SCIENCE
June 27, 2013 | By Amina Khan
Archaeologists have discovered a hidden tomb of the Wari, a monument from an early civilization that predated the Inca, nestled in a site 175 miles north of Lima, Peru. The funerary chamber, ensconced in a stepped pyramid, had been filled with more than 1,200 artifacts, including gold- and silver-inlaid jewelry, ceremonial axes, looms and spindles. The Wari mausoleum at El Castillo de Huarmey is the first pyramid discovered at the site that has not been looted, Milosz Giersz, an archaeologist at the University of Warsaw who headed the expedition, said in an interview.
August 18, 2013 | By Mike Morris
- There's really no better way to see a place than by foot. Even if the path is 26.2 miles and goes over a 13,800-foot mountain pass. And it's a race. Running a marathon in June along the Inca Trail, high in the Peruvian Andes, seemed like a good idea when I signed up for this trip nine months earlier. Although this marathon left me gasping - because of the scenery, I'm sure - it was worth it once I reached the Sun Gate and viewed the finish line - the spectacular ruins of Machu Picchu - a short distance below.
TRAVEL
November 26, 2000 | MIKE McINTYRE
I first heard the name Lake Titicaca in my sixth-grade geography class. Once the snickering stopped, most of us thought it would be a cool place to visit. After 32 years, I went to see for myself. It wasn't hard to find. Andrea and I hopped a northbound bus in La Paz, and three hours later we stood on the shore of the lake that legend claims gave birth to the Incas and the sun. Straddling the border of Bolivia and Peru at 12,500 feet, it's one of the highest navigable lakes in the world.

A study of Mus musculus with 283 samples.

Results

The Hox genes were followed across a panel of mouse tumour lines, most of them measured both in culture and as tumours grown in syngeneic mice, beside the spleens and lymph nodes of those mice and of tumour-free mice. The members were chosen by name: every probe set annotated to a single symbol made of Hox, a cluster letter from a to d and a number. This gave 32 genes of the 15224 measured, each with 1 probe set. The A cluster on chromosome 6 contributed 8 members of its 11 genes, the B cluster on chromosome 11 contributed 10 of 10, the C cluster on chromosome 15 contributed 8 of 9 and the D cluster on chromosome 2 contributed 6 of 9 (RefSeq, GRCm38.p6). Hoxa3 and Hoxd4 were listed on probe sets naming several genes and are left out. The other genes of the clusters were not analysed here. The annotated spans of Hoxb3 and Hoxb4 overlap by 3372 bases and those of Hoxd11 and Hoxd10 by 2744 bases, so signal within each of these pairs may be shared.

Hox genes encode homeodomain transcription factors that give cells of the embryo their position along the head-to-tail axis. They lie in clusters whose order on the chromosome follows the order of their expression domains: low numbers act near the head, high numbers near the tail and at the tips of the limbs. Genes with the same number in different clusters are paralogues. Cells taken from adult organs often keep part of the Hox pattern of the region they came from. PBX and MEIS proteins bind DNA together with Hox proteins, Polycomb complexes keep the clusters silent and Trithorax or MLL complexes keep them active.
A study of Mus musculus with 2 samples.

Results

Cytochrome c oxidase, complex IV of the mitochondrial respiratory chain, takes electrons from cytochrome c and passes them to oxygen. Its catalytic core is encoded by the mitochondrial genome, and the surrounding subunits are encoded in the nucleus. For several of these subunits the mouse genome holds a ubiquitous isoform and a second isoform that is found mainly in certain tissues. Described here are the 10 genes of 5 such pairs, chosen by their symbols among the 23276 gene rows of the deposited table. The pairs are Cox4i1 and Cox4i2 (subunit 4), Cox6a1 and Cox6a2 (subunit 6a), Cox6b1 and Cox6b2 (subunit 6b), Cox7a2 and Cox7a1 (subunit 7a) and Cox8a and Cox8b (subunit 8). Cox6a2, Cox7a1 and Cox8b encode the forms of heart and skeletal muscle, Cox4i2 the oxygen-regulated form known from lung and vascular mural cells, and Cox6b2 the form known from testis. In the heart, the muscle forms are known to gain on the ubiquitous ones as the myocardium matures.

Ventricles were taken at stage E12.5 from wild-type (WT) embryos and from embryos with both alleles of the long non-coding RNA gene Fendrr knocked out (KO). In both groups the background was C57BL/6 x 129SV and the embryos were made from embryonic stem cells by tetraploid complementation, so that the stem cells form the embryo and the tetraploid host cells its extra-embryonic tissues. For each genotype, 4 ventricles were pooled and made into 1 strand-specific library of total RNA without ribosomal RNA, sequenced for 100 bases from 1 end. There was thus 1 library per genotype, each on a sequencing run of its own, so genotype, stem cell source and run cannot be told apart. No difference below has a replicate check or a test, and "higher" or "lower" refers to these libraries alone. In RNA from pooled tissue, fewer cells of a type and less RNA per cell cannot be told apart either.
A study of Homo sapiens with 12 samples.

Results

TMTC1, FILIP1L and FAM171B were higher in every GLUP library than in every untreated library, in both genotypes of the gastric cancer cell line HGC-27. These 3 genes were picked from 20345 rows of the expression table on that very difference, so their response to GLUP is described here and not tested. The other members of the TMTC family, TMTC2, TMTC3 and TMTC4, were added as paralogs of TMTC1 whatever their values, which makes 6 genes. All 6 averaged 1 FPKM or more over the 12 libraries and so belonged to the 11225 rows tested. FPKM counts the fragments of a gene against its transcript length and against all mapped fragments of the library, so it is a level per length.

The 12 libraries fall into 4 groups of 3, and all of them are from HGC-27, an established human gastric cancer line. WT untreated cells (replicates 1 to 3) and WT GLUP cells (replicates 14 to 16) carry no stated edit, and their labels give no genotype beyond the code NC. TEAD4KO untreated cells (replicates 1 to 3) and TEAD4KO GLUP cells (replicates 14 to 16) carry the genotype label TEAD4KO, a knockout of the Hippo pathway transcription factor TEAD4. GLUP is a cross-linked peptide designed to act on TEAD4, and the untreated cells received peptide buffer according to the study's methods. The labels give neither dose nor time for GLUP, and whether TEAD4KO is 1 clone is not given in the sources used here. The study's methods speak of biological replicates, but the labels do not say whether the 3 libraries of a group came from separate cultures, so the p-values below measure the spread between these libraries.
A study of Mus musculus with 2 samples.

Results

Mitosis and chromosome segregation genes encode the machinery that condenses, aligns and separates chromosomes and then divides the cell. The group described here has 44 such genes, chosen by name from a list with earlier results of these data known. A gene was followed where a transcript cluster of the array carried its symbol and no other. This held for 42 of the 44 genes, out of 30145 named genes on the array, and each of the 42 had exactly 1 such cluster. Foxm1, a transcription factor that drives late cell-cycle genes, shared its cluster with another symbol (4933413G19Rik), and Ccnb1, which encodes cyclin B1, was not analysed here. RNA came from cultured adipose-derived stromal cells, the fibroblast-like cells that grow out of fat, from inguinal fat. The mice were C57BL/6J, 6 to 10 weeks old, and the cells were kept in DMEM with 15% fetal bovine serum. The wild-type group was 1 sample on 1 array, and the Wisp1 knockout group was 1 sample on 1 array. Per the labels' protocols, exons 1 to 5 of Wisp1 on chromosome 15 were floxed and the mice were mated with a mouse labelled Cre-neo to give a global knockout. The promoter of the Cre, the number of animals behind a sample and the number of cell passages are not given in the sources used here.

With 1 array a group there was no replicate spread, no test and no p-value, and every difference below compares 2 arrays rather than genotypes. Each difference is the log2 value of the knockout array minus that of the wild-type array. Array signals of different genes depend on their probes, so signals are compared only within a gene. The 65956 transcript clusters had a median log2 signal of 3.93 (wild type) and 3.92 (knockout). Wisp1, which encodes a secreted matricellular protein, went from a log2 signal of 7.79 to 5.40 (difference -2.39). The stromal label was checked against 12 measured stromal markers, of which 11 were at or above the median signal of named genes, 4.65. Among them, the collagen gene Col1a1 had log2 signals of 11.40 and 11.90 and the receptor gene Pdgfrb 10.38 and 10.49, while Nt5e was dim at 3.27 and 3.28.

NEWS
October 4, 1986 | LEE DYE, Times Science Writer
A UCLA graduate student who carried a class project to extremes is being credited with an archeological discovery in Peru that could prove of major importance in understanding the perplexing history of the Incas.
NEWS
March 19, 2002 | THOMAS H. MAUGH II, TIMES STAFF WRITER
A settlement that may have been one of the last refuges of the Incas has been discovered on a remote and rugged Andean peak--a finding that could shed new light on the origin and demise of the last great Indian empire in the Americas. The settlement, on a peak known as Cerro Victoria, is in Peru's Vilcabamba region, where the Incas fled after Spanish soldiers crushed an Indian revolt in 1536.
WORLD
June 9, 2002 | THOMAS H. MAUGH II, TIMES STAFF WRITER
Deep in an inaccessible canyon in the remotest area of Peru, a British-American team has discovered what appears to be one of the last refuges of the Incas before their civilization was destroyed by the Spanish in 1572. Tipped off to the site's location by a native mule handler, the team hacked through dense forest with machetes for a week before finally descending 6,000 feet into a gorge on the Yanama river and encountering the jungle-shrouded city.
NEWS
December 22, 1996 | LYNN F. MONAHAN, ASSOCIATED PRESS
A piece of coarse, brownish-yellow cloth with a green stripe loosely covers the leathery skin of a Peruvian who died more than 500 years ago. Dried gourds, stubby cobs of corn and blackened beans, offerings buried along with the pre-Columbian resident of the Lima Valley, lie scattered among the pile of remains. Archeologist Daniel Guerrero dusts away grains of desert sand and lifts the fabric to show a bent knee, then points to a round bulge--the mummy's still covered head.
SCIENCE
August 12, 2005 | Thomas H. Maugh II, Times Staff Writer
Two Harvard University researchers believe they have uncovered the meaning of a group of Incan khipus, cryptic assemblages of string and knots that were used by the South American civilization for record-keeping and perhaps even as a written language. Researchers have long known that some knot patterns represented a specific number.
NEWS
August 24, 1993 | WILLIAM R. LONG, TIMES STAFF WRITER
High on a dry Andean mountain, the excitement began to surge over a group of farmers as they gathered one recent weekend to witness the long-awaited revival of an ancient Inca canal they had rebuilt with stones, clay and painstaking labor. "Here comes the water!" shouted a man wearing a multicolored cap as he and others scrambled out of the canal before a muddy stream went glistening and gurgling by.